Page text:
San Francisco nurses show how professionalizing the charge nurse role can prevent legal action

Monday June 16, 2008
<B>Not all charge nurses understand they are responsible for everything on their units, says Rita Kae Restrepo, RN, BS, CPAN, who works in the recovery room at San Francisco General, sometimes as a charge nurse. </B>
Not all charge nurses understand they are responsible for everything on their units, says Rita Kae Restrepo, RN, BS, CPAN, who works in the recovery room at San Francisco General, sometimes as a charge nurse.
(Laura Goldbaum)

“The charge nurse is being increasingly drawn in to claims of negligence if they do not respond to assist the nurse at the bedside and evaluate the quality of the care,” says Mahlmeister, who is president of the San Francisco-based quality improvement and risk management company Mahlmeister and Associates and a staff nurse in the Birth Center at San Francisco General Hospital.

Mahlmeister has written and presented extensively on the issue of charge nurses, including an article about professional role development for charge nurses in the spring 2006 Journal of Perinatal & Neonatal Nursing.

“The charge nurse role is not simply a shift role where you do some extra tasks,” she says. “It's not just a job — it's a professional component of registered nursing care that requires supervision, surveillance, and oversight. [Charge nurses] have to have a perspective that rises above the bedside. They have to look at staffing issues, patient conditions, environmental issues that impinge on patient safety and care.”

The complexity of care in facilities today warrants a unit-based coordinator of care — the charge nurse — who has the pulse of the status of the unit, she says. By understanding the condition of all the patients on the unit, the charge nurse can rapidly alert administration for risk containment when a potential disaster arises.

“I would call it a pivotal role in any setting for reducing the risk of patient injuries,” she says. “And that reduces the risk of lawsuits for bedside nurses and the charge nurses themselves and ultimately the hospital.”

But many charge nurses do not fully understand that. “I think a lot of charge nurses don't understand they are ultimately responsible for everything that happens in their unit,” comments Rita Kae Restrepo, RN, BS, CPAN, who works in the recovery room at San Francisco General, sometimes as a charge nurse. She is also a legal nurse consultant. “I've read depositions where the nurse will say, 'I'm just a resource person. That's all I'm there for.' They are more than that, but they don't understand the role.”

That role is multi-faceted, Mahlmeister says. Charge nurses need to be clinical experts who are first responders in any emergency situation. They need to be well-versed in policies and procedures and, through constant monitoring and surveillance, anticipate problems before they happen. Additionally, charge nurses need to be diplomats accustomed to addressing the concerns of patients and their families.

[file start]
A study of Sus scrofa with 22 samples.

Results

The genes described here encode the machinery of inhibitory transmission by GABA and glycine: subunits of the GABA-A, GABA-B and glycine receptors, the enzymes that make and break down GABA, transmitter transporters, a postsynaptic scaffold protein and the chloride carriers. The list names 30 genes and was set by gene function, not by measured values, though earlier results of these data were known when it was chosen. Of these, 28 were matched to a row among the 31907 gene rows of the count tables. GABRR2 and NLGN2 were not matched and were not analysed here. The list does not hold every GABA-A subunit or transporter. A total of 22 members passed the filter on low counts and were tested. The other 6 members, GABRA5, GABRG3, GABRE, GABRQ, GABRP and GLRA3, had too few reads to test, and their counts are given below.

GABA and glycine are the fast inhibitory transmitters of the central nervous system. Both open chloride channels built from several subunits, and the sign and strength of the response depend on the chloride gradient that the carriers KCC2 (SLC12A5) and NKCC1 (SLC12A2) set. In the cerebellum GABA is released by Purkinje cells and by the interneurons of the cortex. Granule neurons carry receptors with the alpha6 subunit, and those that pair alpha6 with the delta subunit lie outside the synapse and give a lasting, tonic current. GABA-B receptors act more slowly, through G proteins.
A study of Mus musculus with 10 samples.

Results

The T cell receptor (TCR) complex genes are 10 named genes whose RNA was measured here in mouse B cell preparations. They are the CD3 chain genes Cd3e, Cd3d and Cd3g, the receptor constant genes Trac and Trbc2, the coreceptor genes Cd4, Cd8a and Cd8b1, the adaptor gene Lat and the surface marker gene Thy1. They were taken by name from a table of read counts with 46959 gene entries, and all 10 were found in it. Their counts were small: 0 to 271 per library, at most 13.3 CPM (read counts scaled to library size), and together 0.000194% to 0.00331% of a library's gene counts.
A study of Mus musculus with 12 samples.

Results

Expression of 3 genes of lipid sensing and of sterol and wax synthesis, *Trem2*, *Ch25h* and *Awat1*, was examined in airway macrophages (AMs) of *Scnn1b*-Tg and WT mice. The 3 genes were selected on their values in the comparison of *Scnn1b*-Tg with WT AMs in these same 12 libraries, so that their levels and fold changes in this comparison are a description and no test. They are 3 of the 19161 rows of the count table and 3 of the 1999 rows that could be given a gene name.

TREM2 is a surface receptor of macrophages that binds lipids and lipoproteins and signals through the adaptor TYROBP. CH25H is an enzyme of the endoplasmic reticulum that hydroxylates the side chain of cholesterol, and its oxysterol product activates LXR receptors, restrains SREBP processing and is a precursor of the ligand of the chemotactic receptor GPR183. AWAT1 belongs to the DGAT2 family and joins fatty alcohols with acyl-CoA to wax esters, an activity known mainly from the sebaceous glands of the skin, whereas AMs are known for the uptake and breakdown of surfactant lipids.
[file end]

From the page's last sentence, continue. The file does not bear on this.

Recommended training

Because of the enormity of those responsibilities, Mahlmeister recommends a professionalization of the role, as has been done at SF General and other facilities for several years. Charge nurses should receive formal education about their professional and legal responsibilities in the role, including information about case law against charge nurses alleged to be negligent, as well as specific training regarding policies and procedures in their facility, she says. Charge nurses should undergo a preceptored period of training in which their skills and expertise are evaluated, as well as annual evaluations. And in recognition of the magnitude of the role, charge nurses should receive a shift differential.

Although some facilities still choose a charge nurse by randomly assigning the charge duties to someone on the shift, others limit the role to those who have received additional education and training specific to charge nursing. Ideally, charge nurses should not have their own patient assignments so they can fully perform their duties as charge nurses, Mahlmeister says.

“When charge nurses are placed in situations where they have to carry a full patient load, maintain the charge nurses' roles and responsibilities, and then in some units they have to triage or admit all new patients coming in, it becomes an impossible task,” she says. “It's a prediction for failure.”

Take action

Karen Boyle, RN, BSN, also advises charge nurses not to underestimate the role. “You're in charge of the flow of the whole unit,” says the staff nurse who frequently works as a charge nurse in the San Francisco General Hospital Birth Center. “You have to make sure everything goes smoothly. You have to anticipate that things might happen.” Prevent small problems from becoming major incidents by maintaining clinical skills, knowing the facility's policies and procedures, and not hesitating to go up the chain of command when necessary, she suggests.

Boyle speaks from experience. She remembers one time when she was a charge nurse when she and the bedside nurse disagreed with the doctor's plan of care for a patient regarding the use of oxytocin (Pitocin). “It went against our protocol,” she says. Talking with the attending physician did not yield satisfactory results, so they moved up the chain of command and called in risk management. “We worked out a plan among all of us that we felt comfortable with,” she says. Most importantly, she notes, going through proper channels and addressing the issue before it became a problem helped facilitate patient safety and a favorable outcome.


Anne Federwisch is a freelance writer. To comment, e-mail editorCA@nurseweek.com.